When students don’t follow directions

By

Erik Ketcherside

Erin Hellmann is a second-year teacher and a corps member of Teach For America. Her eighth-grade classroom is in Jack L. Kuban Elementary School, part of the Murphy School District in Phoenix, Arizona. Erin says her district’s budget, like many in Arizona, is challengingly tight when it comes to essentials such as textbooks and curriculum.

One resource Erin alone can control is time in her classroom. Using instructional time efficiently is important to her. Using it effectively is something she had to work on.

“I had to learn not to rush it,” Erin says. “My students told me after my first month of school, ‘Ms. Hellmann, we didn’t like you. You were so strict!’ I had really strict behavioral expectations because I knew I was going to have these students all day, every day, and they were eighth grade. As a first-year teacher I was worried about it getting out of control.”

Erin says she and her class now have a wonderful relationship that developed as her students learned to cooperate and participate. One of the tools she used in shaping the classroom culture she wanted is Giving Clear Directions for a Task, a free, professional development module available on demand from the Sanford Inspire Program through Mary Lou Fulton Teachers College.

Concern: Students not following directions

Erin was experiencing some frustration from her class not following directions the way she expected. She describes a particular “quiz-quiz-trade” classroom activity in which she instructed her students to write a word and a definition on a notecard. “All of them wrote the word and the definition on the same side of the notecard,” Erin recalls. “I thought, ‘What are you doing? Who writes the word and the definition on the same side?’ But when I had multiple students do it I realized, I never told them to write the word on one side and the definition on the other.

“Simple things like that made me realize I wasn’t being clear,” Erin says. “It seems silly, but if those kinds of things are happening all the time you’re wasting a ton of time in class.”

Solution: Giving Clear Directions for a Task

Research shows that teachers often use indirect forms of communication when conveying directions or behavioral expectations to students. Instructions such as “Can you raise your hand before you leave your seat?” or “Work quietly with your partner” contain expectations that are implied, not explicitly stated. But for students to be successful in the classroom, they need to understand, rather than be required to guess, how they are expected to behave in a given situation.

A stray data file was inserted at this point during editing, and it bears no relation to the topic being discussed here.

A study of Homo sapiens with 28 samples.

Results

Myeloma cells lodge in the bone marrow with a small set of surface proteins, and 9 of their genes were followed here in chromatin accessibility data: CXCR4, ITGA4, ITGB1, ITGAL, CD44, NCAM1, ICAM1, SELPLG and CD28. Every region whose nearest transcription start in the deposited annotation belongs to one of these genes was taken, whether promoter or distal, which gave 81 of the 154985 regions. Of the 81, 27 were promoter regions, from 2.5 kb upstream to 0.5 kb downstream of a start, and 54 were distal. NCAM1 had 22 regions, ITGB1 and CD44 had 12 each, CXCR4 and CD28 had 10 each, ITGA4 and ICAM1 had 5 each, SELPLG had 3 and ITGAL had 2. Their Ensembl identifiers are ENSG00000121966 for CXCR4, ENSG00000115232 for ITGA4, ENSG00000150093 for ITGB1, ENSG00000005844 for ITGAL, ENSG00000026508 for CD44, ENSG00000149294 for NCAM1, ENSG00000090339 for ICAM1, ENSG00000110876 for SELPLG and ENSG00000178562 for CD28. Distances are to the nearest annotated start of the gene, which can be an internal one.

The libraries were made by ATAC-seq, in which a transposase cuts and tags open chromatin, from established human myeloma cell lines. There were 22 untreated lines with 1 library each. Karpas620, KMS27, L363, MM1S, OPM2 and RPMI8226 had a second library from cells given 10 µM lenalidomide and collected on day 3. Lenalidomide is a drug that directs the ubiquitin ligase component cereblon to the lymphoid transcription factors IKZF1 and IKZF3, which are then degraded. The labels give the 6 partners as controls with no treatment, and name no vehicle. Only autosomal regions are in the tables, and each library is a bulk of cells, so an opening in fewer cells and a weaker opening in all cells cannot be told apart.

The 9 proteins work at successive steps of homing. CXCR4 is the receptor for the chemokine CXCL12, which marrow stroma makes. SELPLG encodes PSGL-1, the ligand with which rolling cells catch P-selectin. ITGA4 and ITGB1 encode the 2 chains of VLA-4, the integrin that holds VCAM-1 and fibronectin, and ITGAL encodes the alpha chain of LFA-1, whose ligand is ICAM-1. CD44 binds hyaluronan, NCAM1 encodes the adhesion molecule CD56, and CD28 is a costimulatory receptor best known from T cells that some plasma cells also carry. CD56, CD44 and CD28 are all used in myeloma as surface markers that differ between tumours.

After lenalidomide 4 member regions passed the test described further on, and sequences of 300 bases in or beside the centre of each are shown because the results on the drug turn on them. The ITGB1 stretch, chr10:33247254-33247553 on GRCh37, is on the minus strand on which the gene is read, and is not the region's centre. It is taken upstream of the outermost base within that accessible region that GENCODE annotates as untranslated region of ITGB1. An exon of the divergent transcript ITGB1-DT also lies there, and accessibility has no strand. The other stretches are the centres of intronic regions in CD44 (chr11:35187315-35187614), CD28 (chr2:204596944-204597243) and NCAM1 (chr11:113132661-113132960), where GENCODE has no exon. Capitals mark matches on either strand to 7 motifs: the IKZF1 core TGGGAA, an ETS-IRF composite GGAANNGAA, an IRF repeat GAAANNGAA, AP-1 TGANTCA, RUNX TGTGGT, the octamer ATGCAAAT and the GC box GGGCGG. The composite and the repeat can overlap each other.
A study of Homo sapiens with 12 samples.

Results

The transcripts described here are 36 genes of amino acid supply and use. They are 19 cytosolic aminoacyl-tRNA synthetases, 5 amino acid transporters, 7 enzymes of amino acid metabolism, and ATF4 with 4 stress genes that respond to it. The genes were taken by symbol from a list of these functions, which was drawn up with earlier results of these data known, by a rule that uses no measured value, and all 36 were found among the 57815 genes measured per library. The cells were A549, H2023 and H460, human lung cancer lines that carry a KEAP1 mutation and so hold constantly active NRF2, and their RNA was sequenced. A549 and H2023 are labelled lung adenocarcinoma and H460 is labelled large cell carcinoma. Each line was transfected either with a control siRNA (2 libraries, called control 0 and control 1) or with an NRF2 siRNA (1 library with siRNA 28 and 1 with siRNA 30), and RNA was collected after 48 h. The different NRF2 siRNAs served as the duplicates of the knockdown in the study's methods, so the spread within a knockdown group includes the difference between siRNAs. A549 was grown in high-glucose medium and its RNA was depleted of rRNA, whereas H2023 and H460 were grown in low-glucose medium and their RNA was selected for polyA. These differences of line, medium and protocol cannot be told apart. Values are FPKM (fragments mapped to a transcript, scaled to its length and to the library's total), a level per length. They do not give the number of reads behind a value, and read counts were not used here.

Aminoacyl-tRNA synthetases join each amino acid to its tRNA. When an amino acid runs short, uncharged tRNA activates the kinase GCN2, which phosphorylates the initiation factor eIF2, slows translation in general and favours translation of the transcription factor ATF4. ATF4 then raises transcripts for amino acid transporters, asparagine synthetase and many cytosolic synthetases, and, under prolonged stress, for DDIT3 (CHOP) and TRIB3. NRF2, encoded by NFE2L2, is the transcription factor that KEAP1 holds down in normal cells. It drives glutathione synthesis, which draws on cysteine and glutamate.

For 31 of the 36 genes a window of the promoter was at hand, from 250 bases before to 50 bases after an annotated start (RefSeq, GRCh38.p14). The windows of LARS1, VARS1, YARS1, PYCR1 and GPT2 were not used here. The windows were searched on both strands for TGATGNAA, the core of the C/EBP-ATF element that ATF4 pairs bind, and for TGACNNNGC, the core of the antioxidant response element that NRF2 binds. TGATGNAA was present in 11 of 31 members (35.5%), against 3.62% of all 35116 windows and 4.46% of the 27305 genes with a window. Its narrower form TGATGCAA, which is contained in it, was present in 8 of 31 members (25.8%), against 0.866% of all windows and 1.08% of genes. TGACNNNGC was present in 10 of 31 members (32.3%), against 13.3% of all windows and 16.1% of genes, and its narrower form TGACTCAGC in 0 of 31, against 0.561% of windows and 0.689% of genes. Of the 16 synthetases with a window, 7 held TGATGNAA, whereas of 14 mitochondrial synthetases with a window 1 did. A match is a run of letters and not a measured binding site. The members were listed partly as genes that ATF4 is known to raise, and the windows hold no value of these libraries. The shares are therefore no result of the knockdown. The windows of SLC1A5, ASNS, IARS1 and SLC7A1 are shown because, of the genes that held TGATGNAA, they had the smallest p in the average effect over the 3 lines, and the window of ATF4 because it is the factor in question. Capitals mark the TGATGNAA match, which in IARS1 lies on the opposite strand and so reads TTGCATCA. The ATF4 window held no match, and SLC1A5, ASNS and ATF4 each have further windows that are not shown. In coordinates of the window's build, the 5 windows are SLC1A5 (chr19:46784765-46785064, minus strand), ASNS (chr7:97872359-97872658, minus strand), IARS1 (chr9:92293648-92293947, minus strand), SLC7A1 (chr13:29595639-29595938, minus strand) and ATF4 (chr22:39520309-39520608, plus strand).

Giving Clear Directions helps teachers explore the connection between clear and explicit directions, student behavior and issues of fairness and equity. The module teaches a step-by-step process for crafting clear directions, establishes criteria that directions should meet to be effective and provides a template for planning and executing a set of effective directions.

Evaluation

Erin says the module was ideally suited to address her issue. “It did a really good job of justifying why you should buy into giving clear directions,” she says. “I don’t have time to plan directions like that for every task, but it was really valuable for directions you give frequently, when you can use them over and over.”

A month later, when Erin taught her pupils how to lead their own reading groups, she used the module’s template to create a set of clear directions. Those directions allowed her students to succeed the first time, even in a completely unfamiliar task. “For 45 minutes, they all worked in small groups,” she says. “They all read, they all turned in work. I was so impressed.”

Erin also appreciates the module for being constructed with a teacher’s schedule in mind. “Sometimes we’ll go to a professional development meeting and it will be extremely long,” she says. “I prefer things that are to the point. I thought [this module] had the perfect balance of interaction. I really liked that there was a clear objective and I accomplished it.”

Teacher resource: Giving Clear Directions for a Task

Source: Sanford Inspire Program

Type: on-demand, single user

Cost: free

Estimated time required: 1.0 hour

Completion documentation: certificate

Teacher Standards (InTASC): Essential Knowledge: 3(l)

Topics: Learning Environment > Managing Student Behavior > Communicating expectations

For more free professional development resources for teachers, administrators, schools and districts, visit the Sanford Inspire Program homepage, and the ASU Professional Learning Library, powered by Mary Lou Fulton Teachers College.